DO NO HARM

Ex-Gay Therapy Should Die With Its Pioneer, Dr. Joseph Nicolosi

What the death of the pioneer behind so-called conversion therapy means for the future of the discredited practice.

03.10.17 3:50 AM ET

Ex-gay leader Dr. Joseph Nicolosi died on Wednesday at age 70 from complications of the flu.

Ryan Kendall, one of Nicolosi’s former patients, is lucky he survived to see 16.

In a 2012 blog post for the National Center for Lesbian Rights, Kendall recalled being driven to “the brink of suicide” when his parents discovered he was gay and started sending him to weekly sessions with Nicolosi, who according to his résumé specialized in “the treatment of men who wish to diminish their same-sex attractions and develop their heterosexual potential.”

That description is a euphemism for “conversion therapy”—or medical treatment designed to change someone’s sexual orientation from gay, lesbian, or bisexual to straight—which Nicolosi championed as a founder of the infamous National Association for Research and Therapy of Homosexuality, or NARTH. Conversion therapy has been denounced as ineffective and unethical by virtually every major medical association.

Kendall only got away from Nicolosi, he says, by running away from his family.

“Eventually, I realized that the only way for me to escape the psychological abuse was to leave home,” he wrote. “At 16, when most young people are making college plans, my sole focus became finding a way to stay safe and alive.”

The young man succeeded in getting his parents’ custody revoked and went on to testify in front of the California legislature in 2012—right before the state became the first in the country to ban conversion therapy for minors. Nicolosi, who practiced in California until his death, was a plaintiff in a lawsuit against the ban. That lawsuit failed.

But the dangerous practice that Nicolosi helped popularize as a multimillion-dollar therapeutic industry in the 1990s and 2000s will outlive him—if not in California, then in the 44 states where it is still perfectly legal.

Vermont, Oregon, New Jersey, and Illinois all followed the Golden State in criminalizing the practice via legislation. And last February, New York Gov. Andrew Cuomo restricted conversion therapy through executive action. A smattering of cities and municipalities—like Seattle, Miami Beach, Cincinnati, and Washington, D.C.—have also banned the practice.

Apart from that, however, it is still legal for clinicians in the vast majority of states and cities to subject minors to a form of therapy that can cause “depression, anxiety and self-destructive behavior,” according to a position statement issued by the American Psychiatric Association in 2000. That statement also said that “‘reparative’ therapists have not produced any rigorous scientific research to substantiate their claims of cure.” Seventeen years later, there’s still no evidence that the practice even “works”—and plenty of evidence that it can cause substantial harm.

But even though the medical evidence against “conversion therapy” has become overwhelming, much of the United States has resisted criminalizing the practice outright. In fact, as California Lt. Gov. Gavin Newsom observed in a Daily Beast piece last year, conversion therapy has arguably never had more supporters in higher places than it does today.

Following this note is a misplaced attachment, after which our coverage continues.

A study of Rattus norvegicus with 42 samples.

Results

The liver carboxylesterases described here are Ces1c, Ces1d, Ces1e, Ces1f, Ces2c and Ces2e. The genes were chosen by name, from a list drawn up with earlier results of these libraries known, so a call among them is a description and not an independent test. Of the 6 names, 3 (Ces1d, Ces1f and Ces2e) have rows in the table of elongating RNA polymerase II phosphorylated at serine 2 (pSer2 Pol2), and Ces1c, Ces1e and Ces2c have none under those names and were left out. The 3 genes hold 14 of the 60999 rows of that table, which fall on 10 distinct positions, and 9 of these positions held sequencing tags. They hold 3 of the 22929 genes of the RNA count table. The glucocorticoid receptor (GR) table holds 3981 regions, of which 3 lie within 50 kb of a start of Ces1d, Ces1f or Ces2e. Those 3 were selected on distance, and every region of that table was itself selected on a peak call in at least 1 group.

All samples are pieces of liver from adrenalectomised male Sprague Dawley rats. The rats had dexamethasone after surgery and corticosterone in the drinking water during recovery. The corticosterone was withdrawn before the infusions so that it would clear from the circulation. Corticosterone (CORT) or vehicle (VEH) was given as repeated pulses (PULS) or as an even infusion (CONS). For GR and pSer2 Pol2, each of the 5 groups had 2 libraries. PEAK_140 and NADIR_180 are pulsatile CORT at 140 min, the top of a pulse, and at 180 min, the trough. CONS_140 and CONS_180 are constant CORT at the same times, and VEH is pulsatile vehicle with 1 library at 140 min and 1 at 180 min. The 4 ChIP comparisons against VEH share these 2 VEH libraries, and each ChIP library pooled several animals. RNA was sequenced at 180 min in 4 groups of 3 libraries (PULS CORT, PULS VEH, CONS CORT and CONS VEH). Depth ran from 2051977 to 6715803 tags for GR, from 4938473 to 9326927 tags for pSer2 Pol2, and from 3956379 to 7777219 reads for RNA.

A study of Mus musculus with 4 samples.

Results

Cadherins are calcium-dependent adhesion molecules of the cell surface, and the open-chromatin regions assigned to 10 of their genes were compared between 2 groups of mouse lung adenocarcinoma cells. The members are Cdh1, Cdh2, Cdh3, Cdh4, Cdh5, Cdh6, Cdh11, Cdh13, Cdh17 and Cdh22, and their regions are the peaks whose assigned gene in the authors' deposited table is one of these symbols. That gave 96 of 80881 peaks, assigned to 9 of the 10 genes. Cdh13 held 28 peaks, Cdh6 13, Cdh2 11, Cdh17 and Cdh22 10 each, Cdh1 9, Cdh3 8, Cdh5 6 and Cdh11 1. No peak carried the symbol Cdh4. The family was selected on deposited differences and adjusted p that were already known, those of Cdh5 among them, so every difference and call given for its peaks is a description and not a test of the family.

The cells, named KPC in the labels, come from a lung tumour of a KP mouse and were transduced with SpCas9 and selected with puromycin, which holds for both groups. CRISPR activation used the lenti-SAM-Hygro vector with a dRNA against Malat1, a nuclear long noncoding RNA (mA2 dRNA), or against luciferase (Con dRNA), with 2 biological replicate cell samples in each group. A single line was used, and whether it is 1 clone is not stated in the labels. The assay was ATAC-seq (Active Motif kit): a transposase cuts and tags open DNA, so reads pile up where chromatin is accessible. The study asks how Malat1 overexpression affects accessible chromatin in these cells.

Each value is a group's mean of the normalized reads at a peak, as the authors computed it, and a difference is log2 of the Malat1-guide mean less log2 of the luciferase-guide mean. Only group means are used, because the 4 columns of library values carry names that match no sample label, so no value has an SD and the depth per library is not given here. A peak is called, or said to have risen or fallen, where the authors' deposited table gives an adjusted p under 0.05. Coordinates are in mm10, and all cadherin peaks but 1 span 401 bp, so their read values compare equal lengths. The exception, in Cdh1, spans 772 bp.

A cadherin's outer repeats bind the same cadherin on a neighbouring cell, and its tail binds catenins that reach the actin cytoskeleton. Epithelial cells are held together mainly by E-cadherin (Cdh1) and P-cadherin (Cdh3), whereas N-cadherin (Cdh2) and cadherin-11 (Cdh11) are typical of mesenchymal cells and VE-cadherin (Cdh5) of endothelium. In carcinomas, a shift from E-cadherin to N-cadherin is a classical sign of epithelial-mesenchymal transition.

On a website for his 2000 congressional campaign, Vice President Mike Pence expressed support for redirecting funding for HIV/AIDS prevention to “institutions which provide assistance to those seeking to change their sexual behavior.” As PolitiFact reported, Pence’s spokesperson claimed Pence simply meant “groups that promoted safe sexual practices,” but many LGBT advocates, like executive director of the National LGBTQ Task Force Rea Carey, saw the position as a “dog whistle” intended to signal support for conversion therapy.


Asked by the Associated Press last summer whether the GOP supported conversion therapy based on that line, former RNC chairman Reince Priebus said, “It’s not in the platform.”

But as The Daily Beast previously reported, the chief advocate behind the specific wording of that line—particularly the inclusion of the word “therapy”—was Tony Perkins from the Family Research Council, which the Southern Poverty Law Center has designated as an anti-LGBT hate group.

“It went from explicit to implicit recognition, saving face for Perkins and giving him, at least, a dog whistle to his community,” pro-LGBT platform committee member Annie Dickerson told The Daily Beast at the time.

Now, with President Trump and Vice President Pence in the White House, supporters of conversion therapy see an opportunity to stave off ignominy and cultural irrelevance, as ABC News reported this week. As part of a 20/20 investigation into the nationwide industry of conversion therapy camps, ABC asked Family Research Council senior fellow Peter Sprigg—who has helped keep conversion therapy legal at the state level—about the future at the federal level.

“I see it as unlikely that any sort of legislative—federal legislative attack upon sexual reorientation therapy will… go anywhere,” he said.

That inaction is likely exactly what Nicolosi would have wanted. In a statement posted to Facebook on Thursday evening, his wife said, “Dr. Nicolosi had always hoped for his legacy as the creator of Reparative Therapy to go on. His career was dedicated to helping people align their lives with their deeply held convictions.”

But even though conversion therapy is still a multistate “cottage industry,” as ABC noted, survivors like Ryan Kendall are living proof the practice is doomed to fail.

Nicolosi famously wrote in his 1991 book Reparative Therapy of Male Homosexuality, “I do not believe that any man can ever be truly at peace in living out a homosexual orientation.”

He was wrong.

Wrote Kendall in 2012, “There is nothing wrong with who I am.”